Among the programmes developed by Road of Hope (RoH) to assist refugees in their process of integration, the Work Integration programme is one of the most important. RoH has been developing its Work Integration Programme since 2018 which forms part of its Relationship Development and Social Guidance initiative.
For 32 year old Syrian refugee, Souad Karmo, the programmes provided by RoH are essential to helping her join the workforce. After living in the Netherlands for five years, the language barrier and lack of knowledge about Dutch working culture have been her biggest challenges. Yet, with the help of Road of Hope, Souad has been able to thrive.
“I undertook Dutch language lessons with an excellent professor from the Road of Hope Foundation; these were really useful. Then the foundation helped me to find volunteer work within my field, something I had long strived to find. I now feel comfortable and happy in this work”, says Souad, whose professional field is marketing in business administration.
“I remember when Souad approached us after a Dutch class with a request to help her to find a job within her professional field. We introduced her to our network called Nieuw-West Informele Zorg Netwerk and there we facilitated conversations, introduced her to multiple contacts and consequently, she is now working as a volunteer in one of the member organizations of the network: Huis van de Wijk het Anker” reports the director of RoH, Patricia Barendregt. Based upon the experiences the organization has had with refugees, RoH also takes into account the refugee’s culture, perspective and needs when helping them join the workforce, ensuring that refugees are comfortable in their new positions. In the long term, this programme aims to give refugees the tools for them to continue to actively contribute to the Dutch economy and society.
An Interview with Reem
RoH – You have faced many struggles as an asylum seeker and then a refugee. Would you feel comfortable telling us about this and how you were able to overcome it?
Reem – The main difficulty I encountered was the language barrier. I was able to overcome this problem by attending language courses and through going to appointments and meetings on my own. There I would listen and try to speak the language independently.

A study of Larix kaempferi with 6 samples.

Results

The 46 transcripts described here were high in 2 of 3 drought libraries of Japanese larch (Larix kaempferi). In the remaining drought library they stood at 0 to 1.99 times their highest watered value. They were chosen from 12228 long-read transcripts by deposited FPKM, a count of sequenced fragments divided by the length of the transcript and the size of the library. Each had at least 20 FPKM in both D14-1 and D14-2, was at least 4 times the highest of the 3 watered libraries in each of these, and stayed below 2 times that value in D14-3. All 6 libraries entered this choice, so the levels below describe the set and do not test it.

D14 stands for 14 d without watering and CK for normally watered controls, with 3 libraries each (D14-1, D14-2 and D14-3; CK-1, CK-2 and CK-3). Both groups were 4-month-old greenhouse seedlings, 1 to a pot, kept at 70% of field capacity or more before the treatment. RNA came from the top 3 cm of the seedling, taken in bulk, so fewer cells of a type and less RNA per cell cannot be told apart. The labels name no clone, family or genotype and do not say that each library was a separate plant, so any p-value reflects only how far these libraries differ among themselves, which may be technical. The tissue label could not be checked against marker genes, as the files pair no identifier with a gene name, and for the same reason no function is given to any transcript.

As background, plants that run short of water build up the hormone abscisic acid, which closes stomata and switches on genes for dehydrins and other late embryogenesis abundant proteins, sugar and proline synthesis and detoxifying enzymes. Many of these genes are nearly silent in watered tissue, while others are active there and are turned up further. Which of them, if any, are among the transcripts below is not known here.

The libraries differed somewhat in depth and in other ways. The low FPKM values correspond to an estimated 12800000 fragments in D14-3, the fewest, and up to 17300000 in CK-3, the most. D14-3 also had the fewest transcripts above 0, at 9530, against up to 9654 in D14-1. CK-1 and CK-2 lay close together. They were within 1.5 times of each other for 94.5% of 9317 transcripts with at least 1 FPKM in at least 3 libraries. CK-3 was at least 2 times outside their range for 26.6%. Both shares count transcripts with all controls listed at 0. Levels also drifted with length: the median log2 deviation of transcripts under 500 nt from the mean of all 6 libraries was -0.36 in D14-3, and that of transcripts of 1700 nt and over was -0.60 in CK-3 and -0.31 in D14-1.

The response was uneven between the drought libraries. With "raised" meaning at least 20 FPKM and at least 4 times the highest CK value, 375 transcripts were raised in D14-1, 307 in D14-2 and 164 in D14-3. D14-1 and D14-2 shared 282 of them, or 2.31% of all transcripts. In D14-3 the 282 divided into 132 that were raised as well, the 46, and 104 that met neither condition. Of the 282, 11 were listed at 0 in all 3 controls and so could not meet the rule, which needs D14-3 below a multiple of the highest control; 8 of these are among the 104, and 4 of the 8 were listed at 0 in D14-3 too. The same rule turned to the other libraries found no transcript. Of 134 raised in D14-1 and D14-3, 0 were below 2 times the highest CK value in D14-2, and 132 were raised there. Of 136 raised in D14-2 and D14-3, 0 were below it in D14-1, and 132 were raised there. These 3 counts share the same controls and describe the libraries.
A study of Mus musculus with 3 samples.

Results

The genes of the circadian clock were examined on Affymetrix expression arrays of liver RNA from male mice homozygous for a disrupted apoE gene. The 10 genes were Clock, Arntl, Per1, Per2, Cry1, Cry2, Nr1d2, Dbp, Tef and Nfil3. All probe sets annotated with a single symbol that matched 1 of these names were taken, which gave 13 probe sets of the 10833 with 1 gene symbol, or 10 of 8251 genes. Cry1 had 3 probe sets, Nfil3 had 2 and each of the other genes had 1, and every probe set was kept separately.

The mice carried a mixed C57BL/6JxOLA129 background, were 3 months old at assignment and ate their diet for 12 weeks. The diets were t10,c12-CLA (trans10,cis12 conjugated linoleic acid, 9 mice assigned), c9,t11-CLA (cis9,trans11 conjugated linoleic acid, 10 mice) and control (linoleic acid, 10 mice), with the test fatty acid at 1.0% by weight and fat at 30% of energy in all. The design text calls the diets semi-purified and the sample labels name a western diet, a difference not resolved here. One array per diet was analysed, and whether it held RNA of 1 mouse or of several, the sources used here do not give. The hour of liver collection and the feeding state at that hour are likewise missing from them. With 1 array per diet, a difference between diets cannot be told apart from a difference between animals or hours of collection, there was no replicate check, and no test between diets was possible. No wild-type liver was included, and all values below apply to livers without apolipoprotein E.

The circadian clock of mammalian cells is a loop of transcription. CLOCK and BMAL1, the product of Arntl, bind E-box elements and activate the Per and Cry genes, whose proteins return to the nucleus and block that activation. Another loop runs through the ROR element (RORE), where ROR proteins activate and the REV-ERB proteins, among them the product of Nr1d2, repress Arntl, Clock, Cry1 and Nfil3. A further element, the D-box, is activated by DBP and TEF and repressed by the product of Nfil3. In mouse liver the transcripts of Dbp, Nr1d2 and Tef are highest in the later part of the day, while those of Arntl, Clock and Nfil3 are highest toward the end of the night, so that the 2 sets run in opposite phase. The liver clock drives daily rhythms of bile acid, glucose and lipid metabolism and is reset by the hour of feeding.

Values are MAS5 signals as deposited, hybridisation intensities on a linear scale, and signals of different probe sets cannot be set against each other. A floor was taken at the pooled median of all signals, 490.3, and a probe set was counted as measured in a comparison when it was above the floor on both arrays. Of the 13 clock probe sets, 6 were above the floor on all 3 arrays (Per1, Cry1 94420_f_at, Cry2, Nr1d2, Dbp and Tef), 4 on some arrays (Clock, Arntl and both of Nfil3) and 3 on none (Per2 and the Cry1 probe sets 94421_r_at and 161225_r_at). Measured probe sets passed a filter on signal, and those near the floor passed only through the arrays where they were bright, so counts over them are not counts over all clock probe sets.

RoH – Can you tell us about one of your best moments from living in the Netherlands? Also, what do you most like about Dutch culture?
Reem – A memorable moment for me was passing my Inburgering exam. What I like the most about Dutch culture is the freedom and equality.
RoH – What messages of hope do you have for individuals who, like you, are starting their life in a new country and are feeling fearful or uncertain?
Reem – The positive message that I would give is to not give up and to use the opportunity for personal growth and development.
RoH –What further changes do you think society needs to make, in order to better accommodate refugees and allow them to play a more active part in their community?
Reem – There needs to be an increase in job opportunities.
RoH – How has participating in the project, Breath of Hope, helped your life in the Netherlands and your integration into Dutch society?
Reem – Road of Hope helped me by offering courses to improve my language skills, hosting recreational activities for the children, and assisting me in searching for job opportunities. After I finished my Civil Integration exam (Inburgeringexamen), I became an assistant for the psychologist who leads the Breath of Hope sessions; I did this for six months. This really helped me to learn how to promote self-confidence and how to deal with personal problems, step by step.
RoH – What hopes and dreams do you have for the future?
Reem – My dream for the future is to speak better Dutch in order to help myself and my children’s education, and to get a job in my field of study.
The campaign #Masks4Refugees continues to provide hundreds masks to the most vulnerable
Since the beginning of August, when the campaign #Masks4Refugees started, there have been five workshop sessions with refugee women. These have produced cloth masks which will be donated to undocumented people in Amsterdam and to refugees outside of the city this month. Along with the masks, RoH will include an illustrated guide in order to explain how to correctly wear the masks.
The initiative is part of the Breath of Hope programme, which aims to empower women through providing opportunities for self-reflection, for interacting with the local Dutch community and for processing traumatic experiences. Such activities are aimed to promote emotional resilience, independence and self-belief.
All the materials used in the mask workshops are acquired through donations. If you would like to contribute to our goal of making 500 masks, please make a donation through our Go Fund Me campaign.